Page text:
By Celeste Meiffren
Photo Courtesy of DREAMWORKS PICTURES
"The Ring Two" - Naomi Watts has a creepy little boy, who is being tormented by an even creepier little girl. Both want her to be their mother. And who wouldn't? She's pulling in $10 million a picture.
Arizona Daily Wildcat
Thursday, March 24, 2005
Movie Rating: 2 / 10
What a difference a director makes.
Gore Verbinski declined on making the sequel to the American remake of "Ringu." Instead, the director of "Ringu," Hideo Nakata, decided to direct "The Ring Two" himself after making "Ringu 2."
What promised to be an inspired move - blending Japanese and American cinema - turned out to be as uninspired as, well, making the same movie twice. Punch line: I miss Gore.
Here is a demonstration of the shot patterns in "The Ring Two" (not a dramatization): Loud crash and/or scary noise - reaction shot of Naomi Watts - action shot of girl from well - low angle and/or low angle canted reaction shot of Naomi Watts - crescendo in music - shot of evil girl - loud crash in music - reaction shot of the little boy. For nearly two hours this boring and formulaic pattern went on. Thanks a lot, Nakata.
One would hope that despite tragically banal direction, this movie could rely on a compelling story. Oh, not so. The story in "The Ring Two" is so over-the-top cheesy and not at all cohesive that the movie read like an after school special about parenting and, yes, perhaps a little bit about girls left in wells. But it's the kind of special you watch for five minutes and then change to "Law and Order" on TNT.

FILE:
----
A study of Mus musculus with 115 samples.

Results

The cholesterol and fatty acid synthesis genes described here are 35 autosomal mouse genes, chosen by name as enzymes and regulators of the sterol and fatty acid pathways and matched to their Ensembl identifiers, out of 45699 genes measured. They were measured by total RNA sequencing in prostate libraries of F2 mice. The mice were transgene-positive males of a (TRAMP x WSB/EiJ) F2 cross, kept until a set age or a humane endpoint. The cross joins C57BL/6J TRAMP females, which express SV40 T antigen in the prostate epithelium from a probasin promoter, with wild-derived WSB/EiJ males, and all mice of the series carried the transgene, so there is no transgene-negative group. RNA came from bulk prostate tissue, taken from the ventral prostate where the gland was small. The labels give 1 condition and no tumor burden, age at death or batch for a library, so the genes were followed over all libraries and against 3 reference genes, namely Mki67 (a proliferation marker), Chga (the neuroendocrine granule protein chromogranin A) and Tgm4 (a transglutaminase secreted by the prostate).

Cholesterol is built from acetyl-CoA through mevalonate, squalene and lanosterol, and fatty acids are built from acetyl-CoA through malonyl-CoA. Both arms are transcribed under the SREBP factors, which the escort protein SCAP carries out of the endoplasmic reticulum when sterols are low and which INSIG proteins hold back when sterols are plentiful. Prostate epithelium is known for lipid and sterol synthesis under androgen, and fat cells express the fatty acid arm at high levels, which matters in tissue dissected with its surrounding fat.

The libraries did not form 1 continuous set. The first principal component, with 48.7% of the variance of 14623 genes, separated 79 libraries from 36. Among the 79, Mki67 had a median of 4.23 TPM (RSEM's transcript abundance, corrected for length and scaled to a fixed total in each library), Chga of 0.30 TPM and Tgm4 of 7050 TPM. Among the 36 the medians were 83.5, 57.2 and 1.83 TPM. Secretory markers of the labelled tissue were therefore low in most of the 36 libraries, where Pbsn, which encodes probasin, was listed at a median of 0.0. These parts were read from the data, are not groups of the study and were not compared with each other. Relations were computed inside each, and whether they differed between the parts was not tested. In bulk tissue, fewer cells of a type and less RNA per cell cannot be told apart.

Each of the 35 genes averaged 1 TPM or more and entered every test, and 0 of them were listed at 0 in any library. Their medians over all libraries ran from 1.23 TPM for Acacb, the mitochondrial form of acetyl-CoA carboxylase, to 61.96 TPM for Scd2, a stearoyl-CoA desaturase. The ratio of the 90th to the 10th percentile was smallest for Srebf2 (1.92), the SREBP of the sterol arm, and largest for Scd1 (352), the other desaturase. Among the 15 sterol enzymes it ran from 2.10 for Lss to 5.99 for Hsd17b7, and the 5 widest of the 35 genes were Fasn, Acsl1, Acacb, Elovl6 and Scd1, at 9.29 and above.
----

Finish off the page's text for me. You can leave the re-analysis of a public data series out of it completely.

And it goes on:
The main premise of the story in "The Ring Two," if it can somehow be pieced together, is that despite Rachel's (Naomi Watts) best efforts, Samara is back in action. Since the tape is being copied and watched, Samara is still able to continue her reign of terror. Yet somehow her methods of killing have changed. Also, the rules established in the first movie have changed as well. Any horror movie connoisseur knows that rules are rules. If they are changed, the story is immediately unbelievable and not at all interesting. Case in point.
Regardless, Samara is targeting Rachel's extremely-creepy-but-can't-put-your-finger-on-why kid, Aiden. The reason: She wants a mom. Let's repeat that for effect: She wants a mom. She wants to take over Aiden's body and have Rachel be her mom. After that plot point was revealed I was hoping Samara would come into the theater and kill me.
The movie goes downhill from that point forward with such gems as an extremely random elk attack (not connected in any way to the plot), a visit to see Sissy Spacek in a mental institution and a cameo by Gary Cole. In situations like this, one can do nothing but sigh obnoxiously.
"The Ring" was so good. Really. Gore Verbinski shot a great story in a very stylized way, which brought up issues about the omnipresence of the media in American lives, parenting and technology. Plus - and here's the kicker - it was scary.
Yes, it is true that Nakata was the original visionary for the whole story, but that does not mean he did not drop the ball with this flick. "The Ring Two" is incoherent garbage that is not worth the time or money put into it by the cast, crew or audience.